Eclectic Does Not Gain Program House Status for 2017-2018 School Year


On Wednesday night, the WSA held a town hall meeting to have a campus wide conversation about Eclectic and the future of 200 High Street, which is currently Music House. According to Director of ResLife Fran Koerting, Eclectic originally lost their program housing status after repeatedly failing to get a 16 out of 21 on the URLC’s housing assessment and being put on probation, with the final straw being the application from last fall.

The meeting was attended by a variety of students, some who are still a part of Eclectic, others who were in Eclectic but have since left, and many students who are not members of Eclectic as well. Ultimately, the URLC voted not to let Eclectic obtain program house status for the 2017-2018 school year. There were 0 votes in favor, 4 opposed, 2 abstentions, and 1 recusal. The future of 200 High will be considered separately by the URLC, and they have said that they will take the wider campus community’s opinion strongly into consideration.

In the past few months, students who want to have program houses in the 2017 fall semester were asked to submit mission statements as well as 30 signatures to the URLC in order to be considered. Music House currently occupies 200 High, however Music House was not promised this location for longer than a year. So, when the URLC began considering applications for new program houses, including Eclectic’s, the question of whether the society would regain its former house was very much an open one.

Students had many concerns about Eclectic being reconsidered for program house status, and there are a variety of opinions and experiences on both sides of the issue. A few students voiced positive experiences with Eclectic, saying that it had felt like a safe haven for students who identify as queer, as well as students of color. Others believed that while it may have been inviting for some, Eclectic’s community at the time was not supportive of other members, often citing Karmenife Paulino ‘15 as an example. You can find Karmenife’s story here.

It is worth mentioning that changes have been made within Eclectic’s leadership structure, and that the new leadership claims that they are trying to change Eclectic from the inside. The previous president was impeached by the society. The new president is Owen Christoph ’18, and the new vice president is Kafilah Muhammad ’18. Other than those positions, it is still a consensus based society, where decisions within the community are not finalized unless everyone votes unanimously. The new leadership often stated that they are trying to make changes from the inside, and have been working with their community, but did not go into specifics.

In terms of student opinion on whether the society should regain status as a program house or not, it’s not quite clear how the majority of the wider campus community feels. However, at the meeting, students who were opposed to Eclectic regaining their former house often cited that there has just not been enough time for there to be enough evidence that proves that Eclectic has changed. Many felt that one semester of good behavior does not change or negate years of “bad behavior.” They believe that the efforts that the new leadership is making are valuable, but that there needs to be more time for Eclectic to regain the rest of the community’s trust.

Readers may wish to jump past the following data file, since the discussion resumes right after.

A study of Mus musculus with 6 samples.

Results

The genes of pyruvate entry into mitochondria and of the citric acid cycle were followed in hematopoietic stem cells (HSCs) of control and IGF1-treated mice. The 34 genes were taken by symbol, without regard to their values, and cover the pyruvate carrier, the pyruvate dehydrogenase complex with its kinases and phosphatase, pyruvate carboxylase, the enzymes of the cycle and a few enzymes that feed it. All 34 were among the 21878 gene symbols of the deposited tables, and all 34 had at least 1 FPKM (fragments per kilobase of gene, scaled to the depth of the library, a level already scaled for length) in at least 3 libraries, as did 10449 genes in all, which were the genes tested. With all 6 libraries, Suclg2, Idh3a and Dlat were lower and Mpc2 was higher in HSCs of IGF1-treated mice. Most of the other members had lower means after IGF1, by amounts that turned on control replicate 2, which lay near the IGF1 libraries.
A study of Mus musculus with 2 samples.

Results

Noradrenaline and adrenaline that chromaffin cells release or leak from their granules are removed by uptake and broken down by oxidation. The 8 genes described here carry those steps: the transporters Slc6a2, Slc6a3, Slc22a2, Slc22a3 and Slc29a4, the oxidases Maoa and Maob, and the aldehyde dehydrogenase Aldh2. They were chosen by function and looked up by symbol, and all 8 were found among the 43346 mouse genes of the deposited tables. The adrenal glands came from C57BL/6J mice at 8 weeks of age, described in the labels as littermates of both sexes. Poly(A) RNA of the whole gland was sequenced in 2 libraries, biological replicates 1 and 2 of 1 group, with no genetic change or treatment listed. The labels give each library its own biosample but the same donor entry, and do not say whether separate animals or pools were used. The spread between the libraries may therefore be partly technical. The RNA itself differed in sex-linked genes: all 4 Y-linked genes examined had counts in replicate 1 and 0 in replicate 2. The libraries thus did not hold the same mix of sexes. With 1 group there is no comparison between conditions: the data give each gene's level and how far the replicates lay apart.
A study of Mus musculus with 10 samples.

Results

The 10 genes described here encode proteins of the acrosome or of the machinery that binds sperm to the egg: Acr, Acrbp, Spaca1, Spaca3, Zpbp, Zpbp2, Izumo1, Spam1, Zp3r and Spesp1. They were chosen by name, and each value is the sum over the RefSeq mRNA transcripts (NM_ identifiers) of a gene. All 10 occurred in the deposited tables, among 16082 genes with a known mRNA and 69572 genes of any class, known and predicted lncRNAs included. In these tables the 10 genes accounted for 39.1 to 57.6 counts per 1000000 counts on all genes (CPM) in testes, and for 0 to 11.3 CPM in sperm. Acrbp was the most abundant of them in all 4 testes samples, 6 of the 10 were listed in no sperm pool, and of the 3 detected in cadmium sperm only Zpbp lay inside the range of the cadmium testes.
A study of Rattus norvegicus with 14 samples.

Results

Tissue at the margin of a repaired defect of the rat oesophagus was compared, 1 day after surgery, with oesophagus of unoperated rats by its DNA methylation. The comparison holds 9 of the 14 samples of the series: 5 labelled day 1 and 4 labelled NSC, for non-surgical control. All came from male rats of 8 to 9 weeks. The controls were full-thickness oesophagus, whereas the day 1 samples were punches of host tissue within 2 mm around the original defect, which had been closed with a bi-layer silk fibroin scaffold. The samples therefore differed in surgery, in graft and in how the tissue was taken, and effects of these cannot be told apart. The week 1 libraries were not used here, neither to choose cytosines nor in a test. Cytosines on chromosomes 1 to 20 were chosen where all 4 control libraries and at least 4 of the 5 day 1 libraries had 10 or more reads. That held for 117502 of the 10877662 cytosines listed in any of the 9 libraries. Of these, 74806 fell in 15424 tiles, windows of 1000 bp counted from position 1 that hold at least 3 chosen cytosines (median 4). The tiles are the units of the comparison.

Here is the full email from the Undergraduate Residential Life Committee regarding the decision to not reinstate Eclectic’s program housing status:

Dear Wesleyan Community,

This afternoon, the Undergraduate Residential Life Committee (URLC) discussed and voted on whether or not the Eclectic Society would be approved for program housing status for Fall 2017. By a vote of 0 in favor, 4 opposed, 2 abstaining and 1 recusal, the committee decided to not restore their program housing status for the upcoming fall.

We appreciate the work the Eclectic Society has done to change its culture and acknowledge the negative aspects of the society’s history. We feel that they have demonstrated a return to embodying their mission statement; their Zero Tolerance Policy, mandatory Bystander Intervention trainings, and programming to create welcoming spaces are several examples of their commitment to the campus community.

However, we would like to give the organization more time to solidify this culture and to give the greater community time to heal. We are concerned with how this decision could further divide our campus. We hope that we can continue to have conversations about communal spaces on campus, student culture and leadership, and belonging at Wesleyan. We hope to see reconciliation between the members of our sometimes divided community.

The future of 200 High Street will be considered separately by the URLC, with significant community input. We would like to extend a sincere thank you to everyone who contributed feedback in this process and especially to those who were willing to come together in dialogue about moving forward.

Please direct any questions to members of the URLC, listed below.

All the best,


Lizzie Shackney ’17, co-chair
Fran Koerting, Director of Residential Life, co-chair
Lexi Thompson, AC
Owen Christoph ’18
Brandon Sides ’18
Henry Prine ’18
Sharit Cardenas Lopez ’19
Will Maldonado ’19
Chris Jackson ’20

There has been no word on the status of any of the other program house applications for the coming school year. If history is any predictor, an announcement will likely be made sometime early next semester about which houses were accepted by the committee.